Common Law - The FindLaw Consumer Protection Law Blog

Check Your Credit Report!

When you buy a car, the dealer checks your credit report. When you apply for a home loan, the bank checks your credit report. When you apply for a job, even your employer may check your credit report.

So why don't you check your credit report? Bankrate.com recently did a survey and found that about 35 percent of American adults never checked their credit report.

Why It's Important

Your credit report is the main indicator of your credit worthiness to lenders. A bad credit report could mean higher interest rates costing you thousands of dollars more. An error or fraud on your credit report could mean you're paying much more than you should.

Not checking your credit report also means somebody could be committing fraud and stealing your identity undetected. If you think you have a good record of paying your bills on time and paying down debt, but still get rejected for loans, there may be an error on your credit report giving you a bad financial reputation.

How to Check Your Credit Report

Because of the Fair Credit and Reporting Act, you are allowed one free credit report a year from each of the three main credit reporting companies, Experian, Equifax, and TransUnion. You can easily get a report from AnnualCreditReport.com.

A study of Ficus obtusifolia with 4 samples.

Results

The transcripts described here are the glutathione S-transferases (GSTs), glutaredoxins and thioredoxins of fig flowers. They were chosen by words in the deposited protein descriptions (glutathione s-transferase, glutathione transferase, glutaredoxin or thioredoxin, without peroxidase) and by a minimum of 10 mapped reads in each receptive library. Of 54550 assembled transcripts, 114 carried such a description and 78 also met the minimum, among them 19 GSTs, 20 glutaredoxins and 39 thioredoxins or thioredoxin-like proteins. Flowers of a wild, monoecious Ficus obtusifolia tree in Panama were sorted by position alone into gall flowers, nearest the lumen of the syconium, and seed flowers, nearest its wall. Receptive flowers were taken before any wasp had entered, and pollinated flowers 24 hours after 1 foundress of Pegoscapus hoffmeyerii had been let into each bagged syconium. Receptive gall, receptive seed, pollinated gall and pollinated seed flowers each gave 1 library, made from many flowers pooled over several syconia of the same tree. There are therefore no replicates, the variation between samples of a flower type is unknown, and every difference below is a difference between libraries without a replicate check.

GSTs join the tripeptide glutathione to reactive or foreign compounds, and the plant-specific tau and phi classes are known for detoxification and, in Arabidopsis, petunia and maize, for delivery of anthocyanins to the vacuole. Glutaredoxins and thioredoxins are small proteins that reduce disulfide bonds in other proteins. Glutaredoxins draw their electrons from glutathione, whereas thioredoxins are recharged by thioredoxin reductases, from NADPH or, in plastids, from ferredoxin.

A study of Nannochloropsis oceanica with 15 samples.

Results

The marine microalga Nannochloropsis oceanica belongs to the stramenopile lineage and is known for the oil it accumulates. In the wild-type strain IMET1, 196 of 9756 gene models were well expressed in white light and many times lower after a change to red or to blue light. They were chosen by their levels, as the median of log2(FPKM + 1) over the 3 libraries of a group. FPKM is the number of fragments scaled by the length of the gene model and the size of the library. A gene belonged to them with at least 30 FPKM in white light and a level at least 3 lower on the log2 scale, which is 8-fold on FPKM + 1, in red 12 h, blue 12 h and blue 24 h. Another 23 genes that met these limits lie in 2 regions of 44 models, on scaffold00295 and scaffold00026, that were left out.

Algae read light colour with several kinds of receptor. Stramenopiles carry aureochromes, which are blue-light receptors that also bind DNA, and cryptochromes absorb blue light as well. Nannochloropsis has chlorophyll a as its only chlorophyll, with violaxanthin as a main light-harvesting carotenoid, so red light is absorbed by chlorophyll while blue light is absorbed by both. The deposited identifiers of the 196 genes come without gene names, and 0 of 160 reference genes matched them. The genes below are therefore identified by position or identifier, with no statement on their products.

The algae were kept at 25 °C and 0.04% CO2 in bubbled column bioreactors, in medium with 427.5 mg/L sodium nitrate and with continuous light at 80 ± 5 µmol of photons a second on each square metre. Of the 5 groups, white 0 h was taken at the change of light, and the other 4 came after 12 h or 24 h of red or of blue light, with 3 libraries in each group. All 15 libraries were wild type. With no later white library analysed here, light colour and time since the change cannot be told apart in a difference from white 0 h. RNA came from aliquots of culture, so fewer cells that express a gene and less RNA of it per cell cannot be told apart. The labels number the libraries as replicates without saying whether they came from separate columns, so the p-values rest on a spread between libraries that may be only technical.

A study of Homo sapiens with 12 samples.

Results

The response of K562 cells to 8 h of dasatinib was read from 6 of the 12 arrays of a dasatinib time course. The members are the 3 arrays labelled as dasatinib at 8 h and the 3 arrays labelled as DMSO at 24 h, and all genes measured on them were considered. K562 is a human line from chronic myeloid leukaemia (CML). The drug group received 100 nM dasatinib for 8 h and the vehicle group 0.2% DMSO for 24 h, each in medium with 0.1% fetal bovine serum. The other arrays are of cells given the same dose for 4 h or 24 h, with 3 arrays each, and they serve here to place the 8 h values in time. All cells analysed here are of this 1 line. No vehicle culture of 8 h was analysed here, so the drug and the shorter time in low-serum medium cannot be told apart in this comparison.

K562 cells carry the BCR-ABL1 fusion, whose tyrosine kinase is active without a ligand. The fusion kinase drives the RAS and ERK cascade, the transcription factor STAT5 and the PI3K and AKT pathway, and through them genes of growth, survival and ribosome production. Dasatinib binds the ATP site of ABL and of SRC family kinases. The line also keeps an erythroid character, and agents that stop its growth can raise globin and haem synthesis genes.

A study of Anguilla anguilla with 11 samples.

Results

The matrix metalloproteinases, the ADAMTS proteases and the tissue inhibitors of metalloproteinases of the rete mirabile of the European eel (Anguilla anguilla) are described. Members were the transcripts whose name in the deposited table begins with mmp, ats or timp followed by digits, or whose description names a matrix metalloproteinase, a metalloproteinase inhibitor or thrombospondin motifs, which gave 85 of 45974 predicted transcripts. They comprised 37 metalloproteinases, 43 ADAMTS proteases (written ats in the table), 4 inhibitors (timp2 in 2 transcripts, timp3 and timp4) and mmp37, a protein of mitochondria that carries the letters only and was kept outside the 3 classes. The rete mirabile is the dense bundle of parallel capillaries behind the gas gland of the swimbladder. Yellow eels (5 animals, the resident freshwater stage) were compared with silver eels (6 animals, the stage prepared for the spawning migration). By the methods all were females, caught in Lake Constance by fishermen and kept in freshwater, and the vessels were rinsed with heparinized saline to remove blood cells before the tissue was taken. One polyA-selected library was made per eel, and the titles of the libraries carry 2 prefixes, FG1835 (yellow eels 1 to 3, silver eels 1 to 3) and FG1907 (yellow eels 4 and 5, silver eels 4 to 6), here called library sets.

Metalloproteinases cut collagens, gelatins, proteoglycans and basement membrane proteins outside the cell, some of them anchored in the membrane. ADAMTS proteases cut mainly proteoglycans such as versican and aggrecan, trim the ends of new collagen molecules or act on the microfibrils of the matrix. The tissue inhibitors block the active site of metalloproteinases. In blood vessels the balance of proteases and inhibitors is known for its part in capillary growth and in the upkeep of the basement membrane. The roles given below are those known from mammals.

Once you've received your report, check it thoroughly for errors. Is a debt you paid off years ago still listed as unpaid? Does the report list a credit card you never applied for? Is a loan amount listed as higher than it really is?

So, did you find any errors?

What to do in Case of an Error

If you do find an error, you can have it fixed by disputing the error with the creditor or the credit reporting agencies. If repeated attempts to fix errors on your report fail, you may have to consider legal action.

Regardless of whether or not you think there may be errors on your credit report, be sure to check it regularly. Don't let a mistake on your credit report cost you thousands of dollars. If you do need help rehabilitating your credit and credit report, consult with an experienced credit repair attorney.